People sometimes think that the doomsday argument is implausible because it always says we are more likely to die out sooner than our other reasoning suggests, regardless of the situation. There’s something dubious about an argument that has the same conclusion about the world regardless of any evidence about it. Nick Bostrom paraphrases, “But isn’t the probability that I will have any given rank always lower the more persons there will have been? I must be unusual in some respects, and any particular rank number would be highly improbable; but surely that cannot be used as an argument to show that there are probably only a few persons?” (he does not agree with this view).
That this reasoning is wrong is no new insight. Nick explains for instance that in any given comparison of different length futures, the doomsday reasoning doesn’t always give you the same outcome. You might have learned that your birth rank ruled out the shorter future. It remains the case though that the shift from whatever you currently believe to what the doomsday argument tells you to believe is always one toward shorter futures. I think it is this that seems fishy to people.
I maintain that the argument’s predictable conclusion is not a problem at all, and I would like to make this vivid.
Once a farmer owned a group of cows. He would diligently count them, to ensure none had escaped, and discover if there were any new calves. He would count them by lining them up and running his tape measure along the edge of the line.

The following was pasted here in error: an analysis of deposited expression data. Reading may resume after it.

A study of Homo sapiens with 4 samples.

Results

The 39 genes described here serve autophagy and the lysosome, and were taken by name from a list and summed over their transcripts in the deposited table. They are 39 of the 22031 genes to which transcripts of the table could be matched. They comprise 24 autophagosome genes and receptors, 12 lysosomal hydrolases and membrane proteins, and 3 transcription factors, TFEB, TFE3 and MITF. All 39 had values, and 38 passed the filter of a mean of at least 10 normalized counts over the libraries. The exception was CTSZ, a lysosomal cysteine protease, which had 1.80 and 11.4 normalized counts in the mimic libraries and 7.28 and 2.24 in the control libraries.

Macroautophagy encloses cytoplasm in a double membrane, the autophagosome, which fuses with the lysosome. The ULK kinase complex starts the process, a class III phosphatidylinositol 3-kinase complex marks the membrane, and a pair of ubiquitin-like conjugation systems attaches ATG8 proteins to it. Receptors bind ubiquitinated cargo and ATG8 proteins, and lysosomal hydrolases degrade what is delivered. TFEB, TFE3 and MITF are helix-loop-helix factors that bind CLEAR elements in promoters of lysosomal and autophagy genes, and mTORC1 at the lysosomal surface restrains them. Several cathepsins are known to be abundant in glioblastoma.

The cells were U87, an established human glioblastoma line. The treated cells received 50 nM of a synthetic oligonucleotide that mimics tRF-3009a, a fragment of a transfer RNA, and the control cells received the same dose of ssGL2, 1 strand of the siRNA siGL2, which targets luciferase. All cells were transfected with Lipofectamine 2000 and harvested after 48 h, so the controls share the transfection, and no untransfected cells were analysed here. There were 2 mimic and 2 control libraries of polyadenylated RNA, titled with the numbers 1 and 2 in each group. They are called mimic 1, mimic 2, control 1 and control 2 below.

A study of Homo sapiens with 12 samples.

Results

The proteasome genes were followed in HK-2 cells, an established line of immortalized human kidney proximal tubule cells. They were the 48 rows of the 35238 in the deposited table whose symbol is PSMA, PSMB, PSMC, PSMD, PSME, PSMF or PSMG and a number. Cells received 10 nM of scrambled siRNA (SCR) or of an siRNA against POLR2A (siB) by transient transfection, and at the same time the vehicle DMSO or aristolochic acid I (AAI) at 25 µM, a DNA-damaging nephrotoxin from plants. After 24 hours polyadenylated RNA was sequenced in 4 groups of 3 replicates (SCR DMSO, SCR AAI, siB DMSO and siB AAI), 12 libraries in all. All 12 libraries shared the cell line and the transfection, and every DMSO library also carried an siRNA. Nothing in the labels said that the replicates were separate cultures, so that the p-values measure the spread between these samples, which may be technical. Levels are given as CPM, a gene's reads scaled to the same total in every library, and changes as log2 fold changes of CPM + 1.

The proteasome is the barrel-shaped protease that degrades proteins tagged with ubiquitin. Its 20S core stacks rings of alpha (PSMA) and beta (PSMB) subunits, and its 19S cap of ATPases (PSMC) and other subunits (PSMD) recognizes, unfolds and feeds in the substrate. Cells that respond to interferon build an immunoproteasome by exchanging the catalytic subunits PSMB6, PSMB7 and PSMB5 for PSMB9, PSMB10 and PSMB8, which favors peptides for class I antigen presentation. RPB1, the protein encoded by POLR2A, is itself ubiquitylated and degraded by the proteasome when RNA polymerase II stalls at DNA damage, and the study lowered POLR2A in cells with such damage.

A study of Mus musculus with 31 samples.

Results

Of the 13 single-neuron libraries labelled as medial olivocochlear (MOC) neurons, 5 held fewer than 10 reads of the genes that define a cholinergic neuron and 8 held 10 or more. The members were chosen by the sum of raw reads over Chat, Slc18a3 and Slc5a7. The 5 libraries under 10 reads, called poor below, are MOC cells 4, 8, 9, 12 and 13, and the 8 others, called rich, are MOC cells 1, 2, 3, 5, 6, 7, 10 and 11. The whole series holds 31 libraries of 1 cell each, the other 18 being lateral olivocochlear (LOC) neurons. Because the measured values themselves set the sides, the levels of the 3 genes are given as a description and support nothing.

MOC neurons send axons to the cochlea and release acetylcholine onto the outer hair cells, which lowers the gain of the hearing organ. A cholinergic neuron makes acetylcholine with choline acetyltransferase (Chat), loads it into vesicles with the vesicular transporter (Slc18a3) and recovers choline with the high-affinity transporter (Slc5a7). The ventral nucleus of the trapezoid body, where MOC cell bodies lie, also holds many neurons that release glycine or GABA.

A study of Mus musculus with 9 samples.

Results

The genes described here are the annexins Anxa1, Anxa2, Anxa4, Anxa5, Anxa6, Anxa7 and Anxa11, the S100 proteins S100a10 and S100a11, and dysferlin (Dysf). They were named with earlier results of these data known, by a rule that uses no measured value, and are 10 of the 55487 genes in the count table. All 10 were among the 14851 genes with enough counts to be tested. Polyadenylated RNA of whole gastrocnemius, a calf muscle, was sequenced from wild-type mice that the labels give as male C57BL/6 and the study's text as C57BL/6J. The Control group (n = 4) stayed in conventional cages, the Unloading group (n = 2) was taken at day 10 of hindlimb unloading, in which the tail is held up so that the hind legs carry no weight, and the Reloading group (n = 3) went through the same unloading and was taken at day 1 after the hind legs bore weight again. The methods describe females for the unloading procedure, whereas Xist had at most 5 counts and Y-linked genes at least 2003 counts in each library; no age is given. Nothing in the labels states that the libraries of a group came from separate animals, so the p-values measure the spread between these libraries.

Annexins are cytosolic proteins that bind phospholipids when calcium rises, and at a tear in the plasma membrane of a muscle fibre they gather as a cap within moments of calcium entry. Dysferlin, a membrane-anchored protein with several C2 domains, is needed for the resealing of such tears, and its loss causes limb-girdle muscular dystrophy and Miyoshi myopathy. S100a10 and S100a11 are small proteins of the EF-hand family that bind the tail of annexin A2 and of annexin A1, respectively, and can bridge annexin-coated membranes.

“One thousand cows” he exclaimed one day. “Fifty new calves!”
His neighbour heard him from a nearby field, and asked what he was talking about. The farmer held out his tape measure. The incredulous neighbour explained that since cows are more than an inch long, his figures would need some recalculation. Since his cows were about five foot long on average, the neighbour guessed he would need to divide his number by 60. But the farmer quickly saw that this argument must be bogus. If his neighbour was right, whatever number of cows he had the argument would say he had fewer. What kind of argument would that be?
A similar one to the Doomsday Argument’s claim that the future should always be shorter than we otherwise think. In such cases the claim is that your usual method of dealing with evidence is biased, not that there is some particular uncommon evidence that you didn’t know about.
Similarly, the Self Indication Assumption‘s ‘bias’ toward larger worlds is taken as reason against it. Yet it is just a claim that our usual method is biased toward small worlds.